Summertime….Is for the High Country


This past week, a friend and I hiked one of the most beautiful areas in Colorado:  Shrine Mountain and the Shrine Ridge Trail.  I have always arrived at Shrine Pass too late for the wildflower displays I’ve seen depicted by other photographers……and this year I’ve been determined to time it right.  Summer out here is about 2-3 weeks behind the normal season.  The mountains received 300+% of normal snowfall in some areas…..so the snow has been slow to melt.  We found the season was just getting underway at Shrine Pass, but at least I now know where the flower show stands……it promises to be incredible, and I want to return when it peaks.

On the other hand, the snow on the mountains is beautiful, giving the landscape a touch of Switzerland.  By late summer our mountains are usually bare of snow…..these views along with the gorgeous greens of the alpine tundra gave the entire scene the feeling of an out take from The Sound of Music along Shrine Ridge!

We took our Samoyed dogs along……my friend is working on pack hiking and working certificates on her dogs.  I put these titles on many many dogs in the past.  I’m not actively pursuing the titles now, though I should, since my 10 year old Sammie, “Avie” has been on so many hikes in the past 7 years with me, she probably has earned the WSXM title a couple of times over.

The trail was marshy and muddy until we gained the ridge to Shrine Mountain.  I regretted the many extra trails forged through the willows that people made trying to avoid the muddy mess that was the trail itself.  This is so hard on high mountain wet habitats, and the multiple tracks through the marshes will not erase easily.   I know the U.S. Forest Service likely doesn’t have the funds to elevate the trail, or lay boardwalks through the marshes, but it should be a priority considering the number of people who use the area.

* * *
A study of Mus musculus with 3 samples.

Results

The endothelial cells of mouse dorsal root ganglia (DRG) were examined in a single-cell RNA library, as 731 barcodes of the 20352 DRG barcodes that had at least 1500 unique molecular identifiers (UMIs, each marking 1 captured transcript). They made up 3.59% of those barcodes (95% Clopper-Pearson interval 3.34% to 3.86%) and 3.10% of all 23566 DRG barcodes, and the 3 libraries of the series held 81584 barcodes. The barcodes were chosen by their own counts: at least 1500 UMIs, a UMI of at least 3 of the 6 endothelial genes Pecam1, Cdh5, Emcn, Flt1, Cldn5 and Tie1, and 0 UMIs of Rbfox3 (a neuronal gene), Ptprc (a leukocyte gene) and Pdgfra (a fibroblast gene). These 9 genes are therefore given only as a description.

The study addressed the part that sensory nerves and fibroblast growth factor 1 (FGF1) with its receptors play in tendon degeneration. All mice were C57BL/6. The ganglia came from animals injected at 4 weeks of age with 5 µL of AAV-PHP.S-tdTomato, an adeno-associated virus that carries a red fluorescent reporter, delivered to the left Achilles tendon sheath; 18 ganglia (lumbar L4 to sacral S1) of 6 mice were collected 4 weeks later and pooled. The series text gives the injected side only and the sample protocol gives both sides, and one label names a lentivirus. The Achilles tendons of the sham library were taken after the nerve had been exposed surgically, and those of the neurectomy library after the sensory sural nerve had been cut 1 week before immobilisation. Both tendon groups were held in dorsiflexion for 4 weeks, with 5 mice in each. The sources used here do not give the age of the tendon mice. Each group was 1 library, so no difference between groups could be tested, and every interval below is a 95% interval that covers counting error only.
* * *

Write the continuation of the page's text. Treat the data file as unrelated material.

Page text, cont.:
Our white dogs were soon two-tone white and red from the red muck we walked through.

Marsh marigolds, globeflower and narcissus anemones were everywhere……these are early wildflowers that love the lush wet of melting snow.

We passed and trekked through some of the snowfields.  In the slideshow photo of the Gore Range behind Shrine Mountain, you will see a group on the foreground snow on their way up the mountain.  Once past the wet and snow, the alpine meadows were a heavenly green, and dotted with alpine wildflowers.  The alpine sunflowers were putting on their best show, and mouse-eared chickweed, and black-headed daisies dotted the meadows.

I love tundra walks!  The trail across Shrine Ridge was beautiful, with views of stunning high peaks in every direction.  The views of the rugged Gore Range were magnificent.  To the northeast we could see the ski slopes of Copper Mountain, and to the south, the views were of the highest peaks in Colorado:  those around Leadville and the Collegiate Range.  To the southwest, the Holy Cross Wilderness was stupendous.  I was excited to have such an incredible view of  Mt. of the Holy Cross with snow still in the couloirs that form the shape of the cross (more-or-less).  Avalanches in years past have rendered the cross a bit less cross-like than when William Henry Jackson first photographed the mountain in the 1800’s.

After many photographs, lunch, and soaking in the scenery on the Ridge, clouds began building and we reluctantly moved back down the trail.  Raindrops did not fall until we were back into the vehicle to return home!  A perfect hike; a perfect day!  And to think I’ll be in another Colorado scenie paradise this weekend:  The mountains around Crested Butte and Lake City!  More to come on that.

Categories: The High Country | 5 Comments


  1. Lori

    Well written Donna. I enjoyed the hike the “second time around” through your journal. Looking forward to many more hikes.





    It is interesting to hear about the dog certs, and lush to hike along with you and your camera.